The Definitive Guide to Business

Casper co-founder: Don't follow your passion—do this instead

Casper Co-Founders T. Luke Sherwin, Jeff Chapin, Neil Parikh, and Philip Krim attend Casper's LA celebration at Blind Dragon on July 9, 2015 in West Hollywood, California.
Rachel Murray | Getty Images
Casper Co-Founders T. Luke Sherwin, Jeff Chapin, Neil Parikh, and Philip Krim attend Casper's LA celebration at Blind Dragon on July 9, 2015 in West Hollywood, California.

The founders of direct-to-consumer mattress company Casper have seen a lot of success: Their company has raised $240 million in funding from famous investors like 50 Cent, Kyrie Irving and Ashton Kutcher's A Grade Investments, as well as Target. In May, Target reportedly offered to acquire the brand for a cool $1 billion, according to Recode, but invested $75 million instead.

For young people who want to find their own success, Casper co-founder and Chief Product Officer Jeff Chapin has some advice. But it sure isn't "follow your passion."

Although you've probably heard it from others, you won't hear it from him.

"Passion is whimsical," he tells CNBC Make It. "There are so many things that can captivate you, that don't have to do with your passions." So many jobs can still be intellectually interesting or rewarding, he says.

To Chapin, "follow your passion" sounds a lot like "go do your hobby." The result is people thinking, "I love kitesurfing, so I'm going to go start a kitesurfing business," Chapin says as an example. "The reality is you probably ruined your hobby because now you turned your passion into your job."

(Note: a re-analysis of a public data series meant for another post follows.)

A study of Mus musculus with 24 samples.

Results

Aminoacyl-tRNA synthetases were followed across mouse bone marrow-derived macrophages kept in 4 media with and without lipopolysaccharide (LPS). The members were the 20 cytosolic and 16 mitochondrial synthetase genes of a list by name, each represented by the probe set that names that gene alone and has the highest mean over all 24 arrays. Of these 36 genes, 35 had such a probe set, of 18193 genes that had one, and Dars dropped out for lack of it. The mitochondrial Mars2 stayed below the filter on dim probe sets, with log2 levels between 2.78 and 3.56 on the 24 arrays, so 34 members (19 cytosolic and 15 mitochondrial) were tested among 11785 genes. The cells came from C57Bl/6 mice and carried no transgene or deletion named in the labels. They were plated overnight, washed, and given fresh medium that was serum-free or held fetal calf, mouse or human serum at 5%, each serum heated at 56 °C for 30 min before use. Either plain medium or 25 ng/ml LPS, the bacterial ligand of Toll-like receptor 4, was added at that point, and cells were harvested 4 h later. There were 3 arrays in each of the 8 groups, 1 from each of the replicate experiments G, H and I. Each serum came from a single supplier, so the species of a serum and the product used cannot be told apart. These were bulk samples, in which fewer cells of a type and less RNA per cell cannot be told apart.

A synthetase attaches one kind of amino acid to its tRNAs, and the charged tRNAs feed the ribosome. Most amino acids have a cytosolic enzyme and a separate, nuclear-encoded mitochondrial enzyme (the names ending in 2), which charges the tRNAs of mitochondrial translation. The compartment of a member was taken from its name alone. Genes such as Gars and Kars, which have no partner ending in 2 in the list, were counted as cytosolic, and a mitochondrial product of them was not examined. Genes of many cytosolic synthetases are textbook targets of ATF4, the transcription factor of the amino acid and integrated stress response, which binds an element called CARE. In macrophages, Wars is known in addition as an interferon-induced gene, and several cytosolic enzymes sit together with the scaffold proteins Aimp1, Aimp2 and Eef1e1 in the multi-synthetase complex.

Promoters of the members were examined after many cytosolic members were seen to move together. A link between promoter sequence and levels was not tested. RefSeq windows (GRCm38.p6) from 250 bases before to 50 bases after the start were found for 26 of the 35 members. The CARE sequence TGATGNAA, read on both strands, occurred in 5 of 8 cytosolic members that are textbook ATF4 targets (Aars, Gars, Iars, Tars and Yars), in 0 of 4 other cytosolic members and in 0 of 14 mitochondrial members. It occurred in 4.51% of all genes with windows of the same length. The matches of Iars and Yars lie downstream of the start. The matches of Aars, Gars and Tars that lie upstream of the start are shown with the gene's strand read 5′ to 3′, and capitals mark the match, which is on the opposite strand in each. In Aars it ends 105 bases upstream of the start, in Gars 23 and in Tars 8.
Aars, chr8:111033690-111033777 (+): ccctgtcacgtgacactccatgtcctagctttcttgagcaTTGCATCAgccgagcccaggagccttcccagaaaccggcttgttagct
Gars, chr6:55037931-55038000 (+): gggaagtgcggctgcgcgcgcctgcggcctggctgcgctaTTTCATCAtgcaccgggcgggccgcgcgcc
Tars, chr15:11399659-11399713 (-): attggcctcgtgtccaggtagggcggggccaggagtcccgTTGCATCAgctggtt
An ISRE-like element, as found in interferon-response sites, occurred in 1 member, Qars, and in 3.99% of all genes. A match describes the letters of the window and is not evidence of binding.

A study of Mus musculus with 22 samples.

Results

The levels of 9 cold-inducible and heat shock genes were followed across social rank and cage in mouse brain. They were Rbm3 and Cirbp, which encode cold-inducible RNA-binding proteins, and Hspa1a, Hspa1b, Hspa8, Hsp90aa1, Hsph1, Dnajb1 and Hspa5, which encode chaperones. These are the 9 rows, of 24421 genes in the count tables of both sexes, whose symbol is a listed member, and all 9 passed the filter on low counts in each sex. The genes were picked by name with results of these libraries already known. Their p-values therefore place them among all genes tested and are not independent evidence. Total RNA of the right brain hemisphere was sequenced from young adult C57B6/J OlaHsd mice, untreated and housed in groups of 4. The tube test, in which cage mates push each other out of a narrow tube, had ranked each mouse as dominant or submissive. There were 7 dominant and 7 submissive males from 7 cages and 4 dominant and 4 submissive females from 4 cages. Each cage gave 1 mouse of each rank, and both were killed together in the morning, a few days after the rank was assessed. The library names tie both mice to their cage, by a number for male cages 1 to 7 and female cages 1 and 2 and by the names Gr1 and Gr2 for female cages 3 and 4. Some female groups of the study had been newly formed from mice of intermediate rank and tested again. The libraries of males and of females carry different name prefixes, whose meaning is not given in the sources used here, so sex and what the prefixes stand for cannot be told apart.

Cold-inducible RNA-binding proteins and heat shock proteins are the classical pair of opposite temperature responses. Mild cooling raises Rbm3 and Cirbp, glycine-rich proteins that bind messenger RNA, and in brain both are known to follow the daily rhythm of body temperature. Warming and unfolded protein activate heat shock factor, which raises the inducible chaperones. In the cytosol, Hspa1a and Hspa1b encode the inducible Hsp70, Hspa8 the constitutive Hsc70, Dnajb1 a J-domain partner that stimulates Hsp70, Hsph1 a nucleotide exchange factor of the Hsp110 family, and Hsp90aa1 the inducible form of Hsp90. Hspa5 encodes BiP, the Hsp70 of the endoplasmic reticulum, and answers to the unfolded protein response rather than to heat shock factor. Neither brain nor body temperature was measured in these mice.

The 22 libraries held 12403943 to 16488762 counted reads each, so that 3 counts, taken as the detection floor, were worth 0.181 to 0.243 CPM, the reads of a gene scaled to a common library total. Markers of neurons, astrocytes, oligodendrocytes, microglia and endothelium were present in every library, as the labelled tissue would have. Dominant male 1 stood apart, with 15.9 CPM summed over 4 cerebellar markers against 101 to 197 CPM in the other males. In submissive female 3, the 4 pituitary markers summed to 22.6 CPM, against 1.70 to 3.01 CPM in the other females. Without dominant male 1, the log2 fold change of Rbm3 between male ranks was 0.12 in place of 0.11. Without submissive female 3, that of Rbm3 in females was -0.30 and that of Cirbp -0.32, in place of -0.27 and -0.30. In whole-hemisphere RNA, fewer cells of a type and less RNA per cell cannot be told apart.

So if you are trying to figure out a career path, Chapin suggests a different strategy: Figure out what problems you have an advantage at solving. Start with a simple problem. If you can fix it, find another one. Then do it again.

"Find things where you can get successes quickly," suggests Chapin. "Don't tackle world peace. Figure out how to get food to the homeless person on the street down the corner. Start local and very small."

The process will reveal your strengths and where you can add value, Chapin explains.

"It is learning how your brain works, so that you can figure out what you are individually good at," he says. "What are the problems that you gravitate towards and can solve better than other people?"

It will also help foster belief in your ability to succeed.

"You just do these loops: You do a project, you have success, you get feedback, you do another one, another one and another one," he says. "At some point, you're like OK, I can do anything and I'll solve the problem."

If Chapin were just starting out and didn't know which way to go, "I would work on the [area in which] I thought I could have the highest likelihood of success," he says. "It is a confidence-building thing, so you can later in life tackle any problem."

Always keep learning and taking on more complex problems. The success will follow.

"Keep trying new things, keep getting exposure to new things and then you'll get better at them," he says.